Case Presentation: A 36-year-old female with a history of morbid obesity and hypertension presented with three weeks of progressive dyspnea and productive cough. She was previously diagnosed with community-acquired pneumonia and completed two five-day courses of azithromycin, without improvement in her symptoms. She denied smoking but reported increased smoke inhalation due to local forest fires. She endorsed a family history of rheumatoid arthritis. Initial vital signs were blood pressure 104/78 mmHg, heart rate 96 beats/minute, respiratory rate 29 breaths/minute, oxygen saturation 85% on room air, and temperature 37.2C. Physical exam was notable for fine rales at bilateral lung bases. Her musculoskeletal and skin examination was normal. Laboratory studies revealed neutrophil-predominant leukocytosis to 13.3 x 10^9. The patient was placed on high-flow nasal cannula (HFNC) and admitted to the intensive care unit.
An initial computed tomography of the chest revealed peribronchovascular and subpleural multifocal consolidations, ground glass opacities, and discrete pulmonary nodules concerning for multifocal infection versus cryptogenic organizing pneumonia. Sputum cultures, blood cultures, respiratory viral panel, beta-D-glucan and serologies for Coccidioides, Histoplasma and Cryptococcus were negative. Despite receiving broad spectrum antibiotics and pulse-dose steroids, the patient remained on 15-20 liters HFNC with frequent desaturations. Given her strong family history of autoimmune disease and lack of response to treatment, further serologic work-up was sent. Anti-nuclear antibody returned with a 1:40 titer in a speckled pattern. Creatine kinase was 496 U/L, aldolase was 16.7 U/L, and anti-Jo-1 antibody was positive, confirming a diagnosis of anti-synthetase syndrome. The patient was treated with rituximab and intravenous immunoglobulin with rapid improvement in oxygen requirement, and was discharged home on prednisone and mycophenolate, with close follow-up with Rheumatology.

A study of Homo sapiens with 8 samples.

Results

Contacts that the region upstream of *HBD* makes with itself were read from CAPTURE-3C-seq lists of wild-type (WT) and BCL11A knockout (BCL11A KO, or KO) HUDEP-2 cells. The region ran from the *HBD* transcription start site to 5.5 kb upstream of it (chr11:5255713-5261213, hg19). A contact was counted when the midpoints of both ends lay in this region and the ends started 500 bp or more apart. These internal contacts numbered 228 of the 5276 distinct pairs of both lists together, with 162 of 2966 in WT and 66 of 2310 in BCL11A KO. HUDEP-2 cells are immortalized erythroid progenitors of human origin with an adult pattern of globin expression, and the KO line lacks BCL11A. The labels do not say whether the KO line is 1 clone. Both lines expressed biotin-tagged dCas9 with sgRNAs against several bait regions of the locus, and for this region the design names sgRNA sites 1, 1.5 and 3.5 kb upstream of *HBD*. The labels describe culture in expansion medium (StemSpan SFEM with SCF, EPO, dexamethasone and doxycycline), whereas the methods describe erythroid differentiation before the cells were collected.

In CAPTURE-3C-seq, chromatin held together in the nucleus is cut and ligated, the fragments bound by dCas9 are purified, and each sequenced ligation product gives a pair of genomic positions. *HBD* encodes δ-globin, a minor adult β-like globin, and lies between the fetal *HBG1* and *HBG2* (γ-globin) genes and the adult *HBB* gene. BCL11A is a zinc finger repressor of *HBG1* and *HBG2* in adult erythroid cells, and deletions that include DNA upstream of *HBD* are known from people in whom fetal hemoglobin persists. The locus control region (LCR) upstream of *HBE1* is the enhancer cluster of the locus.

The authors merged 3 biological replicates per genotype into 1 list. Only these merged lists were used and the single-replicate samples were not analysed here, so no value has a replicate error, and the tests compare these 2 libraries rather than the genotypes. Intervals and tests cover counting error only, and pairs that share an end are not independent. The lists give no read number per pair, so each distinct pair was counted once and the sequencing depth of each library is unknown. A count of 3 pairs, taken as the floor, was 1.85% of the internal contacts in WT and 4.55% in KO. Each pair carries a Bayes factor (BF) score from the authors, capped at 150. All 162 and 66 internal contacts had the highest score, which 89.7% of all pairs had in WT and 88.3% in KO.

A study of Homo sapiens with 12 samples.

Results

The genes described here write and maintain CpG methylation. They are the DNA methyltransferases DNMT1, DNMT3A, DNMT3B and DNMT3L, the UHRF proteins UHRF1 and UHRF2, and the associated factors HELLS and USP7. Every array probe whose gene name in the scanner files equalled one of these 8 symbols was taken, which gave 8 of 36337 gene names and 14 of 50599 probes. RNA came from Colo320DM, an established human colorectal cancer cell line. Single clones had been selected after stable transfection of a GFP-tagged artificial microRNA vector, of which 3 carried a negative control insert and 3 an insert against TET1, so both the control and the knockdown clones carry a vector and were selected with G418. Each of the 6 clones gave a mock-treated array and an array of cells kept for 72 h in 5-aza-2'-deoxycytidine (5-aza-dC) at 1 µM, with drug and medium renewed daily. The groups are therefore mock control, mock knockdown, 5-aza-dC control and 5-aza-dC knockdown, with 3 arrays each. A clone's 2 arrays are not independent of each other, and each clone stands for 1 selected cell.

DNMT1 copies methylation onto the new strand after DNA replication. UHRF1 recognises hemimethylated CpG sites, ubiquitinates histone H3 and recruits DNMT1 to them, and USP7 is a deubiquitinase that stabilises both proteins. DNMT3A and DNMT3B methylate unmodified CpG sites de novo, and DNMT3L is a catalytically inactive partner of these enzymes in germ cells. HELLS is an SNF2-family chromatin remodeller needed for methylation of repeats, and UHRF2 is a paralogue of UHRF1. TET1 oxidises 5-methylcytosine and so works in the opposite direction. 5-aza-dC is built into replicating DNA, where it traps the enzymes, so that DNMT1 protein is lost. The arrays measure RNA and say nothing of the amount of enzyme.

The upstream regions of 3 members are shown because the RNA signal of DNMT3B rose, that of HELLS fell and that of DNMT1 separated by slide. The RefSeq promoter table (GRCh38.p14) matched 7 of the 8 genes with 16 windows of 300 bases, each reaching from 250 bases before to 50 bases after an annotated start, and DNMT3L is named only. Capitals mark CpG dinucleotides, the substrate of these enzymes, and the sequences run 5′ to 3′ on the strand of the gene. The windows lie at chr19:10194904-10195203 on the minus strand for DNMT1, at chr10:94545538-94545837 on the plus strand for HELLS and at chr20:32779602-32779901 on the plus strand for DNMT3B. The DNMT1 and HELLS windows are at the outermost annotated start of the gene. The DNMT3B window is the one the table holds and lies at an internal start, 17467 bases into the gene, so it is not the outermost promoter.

Discussion: Anti-synthetase syndrome (ASS) is a rare autoimmune multisystem disease characterized by interstitial lung disease (ILD), inflammatory myopathy/dermatomyopathy, polyarthropathy, mechnanic’s hand, and Raynaud’s phenomenon, with antibodies against amino acyl-transfer RNA synthetase, the most common being anti-Jo-1 antibody. Although ILD is more commonly associated with other manifestations of ASS such as polymyositis and dermatomyositis, it can also present without any other clinical manifestation, as in this case.

Conclusions: Presence of ILD in ASS is associated with increase morbidity/mortality, due to progressive lung involvement in the setting of delayed treatment. Given ASS-associated ILD can occur without other clinical manifestation and is considered a treatable cause of ILD, clinicians should consider ASS in the differential for unexplained ILD, especially in patients with risk factors for autoimmune disease, to achieve early diagnosis for appropriate therapy.